Priti Patel says Conservative government will cut 'overall' immigration
The Conservatives will cut "overall" immigration if Boris Johnson wins the election, Priti Patel has declared.
The Home Secretary unveiled the pledge as she claimed Labour's own border plans would see immigration "surge" and put "huge strain" on public services.
Mr Johnson moved to axe a long-standing Conservative promise to reduce net migration to the "tens of thousands" in one of his first acts as Prime Minister.
The target, which was first announced by David Cameron a decade ago, had been repeatedly missed under successive Home Secretaries.
But Ms Patel said Tory plans to bring in an Australian-style points based immigration system for EU and non-EU migrants would reduce the numbers coming to the UK.
It is the first time a minister has promised to bring down immigration since the tens of thousands pledge was ditched.
The Home Secretary said: "We will reduce immigration overall while being more open and flexible to the highly skilled people we need, such as scientists and doctors.
"This can only happen if people vote for a Conservative majority government so we can leave the EU with a deal.”
In the latest salvo in the election battle for Number 10, Ms Patel also tore into Labour's own immigration proposals.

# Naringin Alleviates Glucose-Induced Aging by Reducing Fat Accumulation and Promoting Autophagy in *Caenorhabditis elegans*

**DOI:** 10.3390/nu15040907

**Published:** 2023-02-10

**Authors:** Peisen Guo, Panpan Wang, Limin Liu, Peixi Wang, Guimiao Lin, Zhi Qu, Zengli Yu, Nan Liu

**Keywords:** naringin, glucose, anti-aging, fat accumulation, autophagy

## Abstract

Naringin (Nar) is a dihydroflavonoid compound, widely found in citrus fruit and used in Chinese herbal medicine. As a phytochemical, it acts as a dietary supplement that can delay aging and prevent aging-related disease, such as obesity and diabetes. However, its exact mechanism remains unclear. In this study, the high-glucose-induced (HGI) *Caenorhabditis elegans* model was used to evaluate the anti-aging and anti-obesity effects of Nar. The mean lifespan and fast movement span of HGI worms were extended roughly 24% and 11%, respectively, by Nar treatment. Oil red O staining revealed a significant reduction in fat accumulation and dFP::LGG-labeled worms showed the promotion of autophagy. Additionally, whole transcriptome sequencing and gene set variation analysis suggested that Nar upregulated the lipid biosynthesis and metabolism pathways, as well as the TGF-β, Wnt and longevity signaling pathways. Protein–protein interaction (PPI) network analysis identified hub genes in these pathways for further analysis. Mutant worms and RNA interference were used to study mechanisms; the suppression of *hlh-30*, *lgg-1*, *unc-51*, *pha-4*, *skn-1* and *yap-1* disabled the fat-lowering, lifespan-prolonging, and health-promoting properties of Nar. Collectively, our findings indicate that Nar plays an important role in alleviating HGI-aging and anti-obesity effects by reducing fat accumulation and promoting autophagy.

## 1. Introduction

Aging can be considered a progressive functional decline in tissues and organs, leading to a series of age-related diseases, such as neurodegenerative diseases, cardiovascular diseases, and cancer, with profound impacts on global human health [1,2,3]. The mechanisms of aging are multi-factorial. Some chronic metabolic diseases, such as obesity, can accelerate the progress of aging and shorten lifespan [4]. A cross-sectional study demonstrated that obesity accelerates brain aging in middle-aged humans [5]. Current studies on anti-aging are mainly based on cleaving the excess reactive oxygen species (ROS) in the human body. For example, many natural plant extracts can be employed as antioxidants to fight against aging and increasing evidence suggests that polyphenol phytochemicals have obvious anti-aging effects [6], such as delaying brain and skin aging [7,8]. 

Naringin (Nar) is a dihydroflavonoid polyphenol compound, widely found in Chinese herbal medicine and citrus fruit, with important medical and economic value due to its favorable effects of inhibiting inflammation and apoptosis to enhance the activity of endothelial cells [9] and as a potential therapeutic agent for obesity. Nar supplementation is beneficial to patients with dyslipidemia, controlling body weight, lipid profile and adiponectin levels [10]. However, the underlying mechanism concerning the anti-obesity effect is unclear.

Labour's annual conference saw members back a policy to "maintain and extend freedom of movement rights", a figure the Conservatives claim could lead to a sharp rise in the numbers of people coming to the UK.
The Tories claim that Labour's Brexit plans would be closely modelled on continued membership of the European Economic Area (EEA), meaning it would have to accept free movement rules.
Under those plans, the Conservatives say the UK would see net migration to the UK of 260,000 every year.
Meanwhile if freedom of movement rights were extended to non-EU countries the Tory research says the net migration figure could climb to an average of 840,000 a year.
"Under Corbyn's Labour, immigration would surge, and put huge strain on schools and our NHS," Ms Patel said.
But Shadow Home Secretary Diane Abbott shot back, accusing the Tories of peddling "more fake news from the Conservative Party's make-believe research department".
She added: "Unlike the Tories we won't scapegoat migrants or deport our own Windrush generation citizens. The damage done to our society has been through damaging Conservative cuts to our public services, not by EU nationals coming to work in them."
The row comes amid splits in the Labour ranks over the party's conference policy on immigration ahead of a crucial meeting to decide its election manifesto.
Unite general secretary Len McCluskey - a key ally of Jeremy Corbyn - sparked anger as he told The Guardian his union would oppose any attempt to extend free movement in line with the conference pledge.
"We will have to see what’s in the manifesto, but I don’t think [what conference voted for] is a sensible approach and I will be expressing that view," he said.
But Alena Ivanova of the Labour Campaign for Free Movement said: "A Romanian care worker and a British bus driver have more in common with each other than they do with their boss. That is the basis of the trade union movement.
"Len McCluskey’s job is to fight for their full rights, for decent pay and the right not to be deported and harassed by the state because of their immigration status."